The Line Between Free Speech and Defamation

December 13th, 2012 by Andrea Bennett

An increase in suing over negative online reviews raises serious questions.

Brought to you by Liberty Mutual's
The Responsibility Project

How much weight do your complaints carry on review sites like Yelp? Maybe more than you think. In fact, according to a lawsuit filed by one business owner, the scathing review that a customer posted on Yelp drove business away, damaging his reputation to the tune of $750,000.

The Washington Post recently reported on the story of Fairfax, VA resident Jane Perez, who found out that what you write online can truly come back to bite you. Perez hired contractor Christopher Dietz to do some work on her home, but after Dietz had finished the job, Perez logged on to Yelp to complain. She wrote, “I was left with damage to my home and work that had to be reaccomplished for thousands more than originally estimated.” She alleged that Dietz “was the only one with a key” when jewelry disappeared from her home and that he trespassed on her property, prompting her to call the police.

But as Perez is now finding out, perhaps taking Dietz to the court of public opinion was not the wisest or most responsible thing to do. Dietz filed an Internet defamation lawsuit against Perez, claiming that he completed the job, didn’t damage the home, was never paid for the work he did and that she demanded that he perform work beyond their contract. As for the missing jewelry, he says that her charges are completely false (the Post notes that Dietz was never charged for either theft or trespassing).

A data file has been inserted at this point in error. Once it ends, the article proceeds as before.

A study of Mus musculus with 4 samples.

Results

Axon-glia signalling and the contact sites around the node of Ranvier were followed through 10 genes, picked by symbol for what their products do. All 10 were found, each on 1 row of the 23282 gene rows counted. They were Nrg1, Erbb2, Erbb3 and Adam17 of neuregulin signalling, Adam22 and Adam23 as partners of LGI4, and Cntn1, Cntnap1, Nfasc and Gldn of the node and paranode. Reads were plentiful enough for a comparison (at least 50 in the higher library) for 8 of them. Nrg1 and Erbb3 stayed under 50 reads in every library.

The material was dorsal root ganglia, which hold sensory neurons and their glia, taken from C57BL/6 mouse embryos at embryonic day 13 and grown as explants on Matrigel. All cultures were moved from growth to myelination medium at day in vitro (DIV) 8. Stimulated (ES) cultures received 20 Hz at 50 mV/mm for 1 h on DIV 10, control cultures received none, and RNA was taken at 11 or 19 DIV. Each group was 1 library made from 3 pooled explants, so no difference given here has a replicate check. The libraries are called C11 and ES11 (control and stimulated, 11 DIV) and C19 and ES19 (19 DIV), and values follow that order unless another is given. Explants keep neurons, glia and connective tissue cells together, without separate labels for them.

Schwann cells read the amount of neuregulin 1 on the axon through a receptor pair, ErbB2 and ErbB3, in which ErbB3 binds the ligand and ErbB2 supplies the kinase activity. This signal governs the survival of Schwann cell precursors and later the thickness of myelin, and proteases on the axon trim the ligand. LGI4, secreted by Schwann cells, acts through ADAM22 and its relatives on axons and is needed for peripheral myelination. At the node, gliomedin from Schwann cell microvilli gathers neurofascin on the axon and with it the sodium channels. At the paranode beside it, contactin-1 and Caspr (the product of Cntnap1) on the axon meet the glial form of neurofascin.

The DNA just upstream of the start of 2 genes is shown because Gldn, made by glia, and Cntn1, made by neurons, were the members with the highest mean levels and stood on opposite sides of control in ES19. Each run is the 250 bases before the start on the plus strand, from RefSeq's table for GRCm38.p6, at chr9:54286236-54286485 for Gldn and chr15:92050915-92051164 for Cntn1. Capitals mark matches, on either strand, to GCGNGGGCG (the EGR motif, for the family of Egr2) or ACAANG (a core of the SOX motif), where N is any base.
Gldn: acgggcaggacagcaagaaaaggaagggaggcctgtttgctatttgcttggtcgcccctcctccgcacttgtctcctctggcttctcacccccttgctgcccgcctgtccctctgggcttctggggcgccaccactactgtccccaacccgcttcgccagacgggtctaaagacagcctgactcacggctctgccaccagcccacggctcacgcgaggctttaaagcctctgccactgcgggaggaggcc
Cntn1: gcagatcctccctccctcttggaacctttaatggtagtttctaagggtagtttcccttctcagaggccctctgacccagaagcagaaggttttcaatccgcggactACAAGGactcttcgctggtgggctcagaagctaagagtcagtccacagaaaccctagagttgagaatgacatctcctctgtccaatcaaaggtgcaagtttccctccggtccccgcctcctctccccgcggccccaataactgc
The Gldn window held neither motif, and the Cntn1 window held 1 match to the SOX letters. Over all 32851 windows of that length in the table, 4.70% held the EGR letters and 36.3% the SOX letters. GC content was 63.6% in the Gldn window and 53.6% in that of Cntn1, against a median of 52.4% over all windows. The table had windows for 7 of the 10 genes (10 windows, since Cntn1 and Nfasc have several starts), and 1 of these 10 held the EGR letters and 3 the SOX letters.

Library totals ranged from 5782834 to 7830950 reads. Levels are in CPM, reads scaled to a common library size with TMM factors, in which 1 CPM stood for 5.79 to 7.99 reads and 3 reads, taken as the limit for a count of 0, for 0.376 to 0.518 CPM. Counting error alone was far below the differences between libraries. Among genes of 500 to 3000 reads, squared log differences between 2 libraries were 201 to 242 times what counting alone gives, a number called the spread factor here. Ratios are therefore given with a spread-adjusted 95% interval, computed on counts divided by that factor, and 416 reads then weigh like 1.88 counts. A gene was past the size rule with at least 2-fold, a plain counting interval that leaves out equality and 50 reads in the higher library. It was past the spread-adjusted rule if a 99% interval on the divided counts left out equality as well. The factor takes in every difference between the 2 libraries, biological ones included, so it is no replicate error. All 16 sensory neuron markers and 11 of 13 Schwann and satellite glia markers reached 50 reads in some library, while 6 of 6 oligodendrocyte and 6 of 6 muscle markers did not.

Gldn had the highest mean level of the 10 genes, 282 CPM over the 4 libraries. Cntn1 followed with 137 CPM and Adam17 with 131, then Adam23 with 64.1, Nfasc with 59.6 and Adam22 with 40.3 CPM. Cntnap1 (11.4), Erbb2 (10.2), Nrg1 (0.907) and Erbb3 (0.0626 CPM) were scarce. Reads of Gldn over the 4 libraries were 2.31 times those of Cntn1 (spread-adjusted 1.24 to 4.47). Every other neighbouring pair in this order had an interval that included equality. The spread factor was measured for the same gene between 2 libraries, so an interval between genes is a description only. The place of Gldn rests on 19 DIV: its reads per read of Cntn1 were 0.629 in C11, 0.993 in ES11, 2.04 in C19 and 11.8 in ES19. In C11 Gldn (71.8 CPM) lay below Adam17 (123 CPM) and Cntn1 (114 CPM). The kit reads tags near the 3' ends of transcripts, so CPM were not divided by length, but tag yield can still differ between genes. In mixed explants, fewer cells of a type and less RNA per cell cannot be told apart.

As the Post reports, business owners are increasingly turning to the courts to push back against negative online reviews. With 84 million visitors each month and 33 million reviews, Yelp has become “a legal battleground” where the reputations of businesses can be “made or shredded in a few keystrokes.”

In the case of Christopher Dietz, a Fairfax County court granted a preliminary injunction, ordering Perez to delete her accusations from Angie’s List and Yelp, and barring her from repeating them in new posts, according to the New York Daily News.

Free speech advocates see review sites such as Yelp as critical public forums that hold businesses accountable for the work they do. But from the perspective of the business owners themselves, they say they have no choice but to sue because the Internet’s massive reach makes defamation all the more damaging. A single post, be it true or false, can turn potential customers away and ruin a business. Dietz, for example, estimates that he has already lost $300,000 in business due to Perez’s review.

On the flip side of the case, Perez is now facing thousands of dollars in legal bills, as she has had to defend herself against Dietz’s lawsuit. As she told the Post, she never fathomed that her review could land her in court. She expressed dismay at the situation, saying, “I don’t want to see what happened to me happen to anyone else.”

Business owners have learned that an online review can do irreversible damage, and now the reviewers are learning the same lesson. Is the ability to hide behind a keyboard and ruin someone’s reputation legitimate, or should something be done to change the system of online reviews? Weigh in here.